AISD Parents Some of Them Debate School Calendar Changes
District says getting parents involved poses challenges
"I became a member of calendar community because I think parents are concerned about school starting too early, getting out too early before Christmas, and there are too many inconvenient holidays it's hard to get child care for," parent Michele Worrel says. "People need to know that if you want a say in when school starts, now's the time to speak up."
A committee of parents and AISD employees has been debating two potential calendars for about a month. One begins Aug. 15 and ends on May 24, with a winter break from Dec. 18 to Jan. 1. The second begins Aug. 22 and ends May 31, with winter break from Dec. 25 to Jan. 5. Starting after Labor Day has been ruled out, because it would require the first semester to end after the winter break. However, parent Mary-Ellen Golden points out that if AISD replaced a handful of awkward holidays sprinkled throughout the year Columbus Day, Veteran's Day, and a pair of spring staff development days with class days, it would be possible to have a Sept. 1 to May 31 schedule, and would ease the child-care burden of the inconvenient holidays. "I have to hire a college person from UT who can come stay with my son, or I have to make arrangements with another parent, or I have to take him to work with me," she said. "He goes to work with me a lot."
Golden complains that the district hasn't done enough to publicize the debate and allow parents to weigh in. "What I don't understand is why AISD is hiding the fact that the calendar is up for a vote," she said.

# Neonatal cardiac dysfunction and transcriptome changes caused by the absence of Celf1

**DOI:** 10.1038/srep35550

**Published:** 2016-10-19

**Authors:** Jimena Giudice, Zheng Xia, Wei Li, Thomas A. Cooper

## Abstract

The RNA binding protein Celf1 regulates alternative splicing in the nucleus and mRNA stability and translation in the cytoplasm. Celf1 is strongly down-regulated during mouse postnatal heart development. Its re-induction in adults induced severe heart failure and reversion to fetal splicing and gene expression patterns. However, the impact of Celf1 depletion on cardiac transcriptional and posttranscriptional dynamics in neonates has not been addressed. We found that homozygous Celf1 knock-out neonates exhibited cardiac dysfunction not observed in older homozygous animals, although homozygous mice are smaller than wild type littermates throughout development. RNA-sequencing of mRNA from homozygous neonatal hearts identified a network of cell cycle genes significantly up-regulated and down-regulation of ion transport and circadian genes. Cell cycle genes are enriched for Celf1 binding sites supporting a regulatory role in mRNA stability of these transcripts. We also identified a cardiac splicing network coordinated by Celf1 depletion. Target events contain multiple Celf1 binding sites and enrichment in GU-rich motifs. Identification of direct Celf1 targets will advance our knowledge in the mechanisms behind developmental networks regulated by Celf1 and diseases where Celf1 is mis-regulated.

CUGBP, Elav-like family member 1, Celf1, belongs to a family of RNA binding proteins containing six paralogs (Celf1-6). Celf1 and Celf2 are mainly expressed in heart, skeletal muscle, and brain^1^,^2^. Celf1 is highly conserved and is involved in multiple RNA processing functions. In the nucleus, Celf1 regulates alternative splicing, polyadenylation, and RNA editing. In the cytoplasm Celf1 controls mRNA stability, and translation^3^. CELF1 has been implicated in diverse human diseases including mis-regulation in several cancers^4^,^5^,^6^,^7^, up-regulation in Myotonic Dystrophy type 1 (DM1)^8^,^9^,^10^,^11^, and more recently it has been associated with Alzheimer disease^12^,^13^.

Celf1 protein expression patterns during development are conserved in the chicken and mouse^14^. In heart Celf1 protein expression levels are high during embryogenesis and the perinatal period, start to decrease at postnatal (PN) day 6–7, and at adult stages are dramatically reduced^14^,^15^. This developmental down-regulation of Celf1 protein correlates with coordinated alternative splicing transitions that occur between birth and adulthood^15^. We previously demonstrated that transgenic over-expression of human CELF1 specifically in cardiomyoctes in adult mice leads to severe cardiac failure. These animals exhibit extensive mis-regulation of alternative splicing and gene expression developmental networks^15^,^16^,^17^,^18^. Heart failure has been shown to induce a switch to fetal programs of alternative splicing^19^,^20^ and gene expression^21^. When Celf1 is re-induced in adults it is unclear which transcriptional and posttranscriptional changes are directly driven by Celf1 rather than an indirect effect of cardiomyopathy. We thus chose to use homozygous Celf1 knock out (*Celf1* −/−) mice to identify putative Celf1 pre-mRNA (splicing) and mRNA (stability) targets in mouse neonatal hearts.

However, Brenda Hummel, the AISD director of student services who co-chairs the calendar committee, points out that the information is on the district's Web site, and that AISD has asked all campus advisory committees and PTAs to spread the word. When the Board of Trustees meets Nov. 28 to discuss the issue, the item will be listed on the public agenda. Hummel explained that the district needs parents' cooperation in seeking out information because getting the word out is just plain hard. After elementary school, notes sent home with students have a funny way of not reaching parents; it would be expensive for the district to mail letters about the issues on the board's agenda every two weeks; and in a district where more than half of all students are low-income, e-mail is at best a partial solution. "There's a universal struggle to get information to parents," she said. "We're always looking for more and better ways to do that."
Parents hoping to weigh in on the calendar process can attend the Board of Trustees meeting on Monday, Nov. 28 at 7pm at 1111 W. Sixth. The board will make the final decision in early 2006.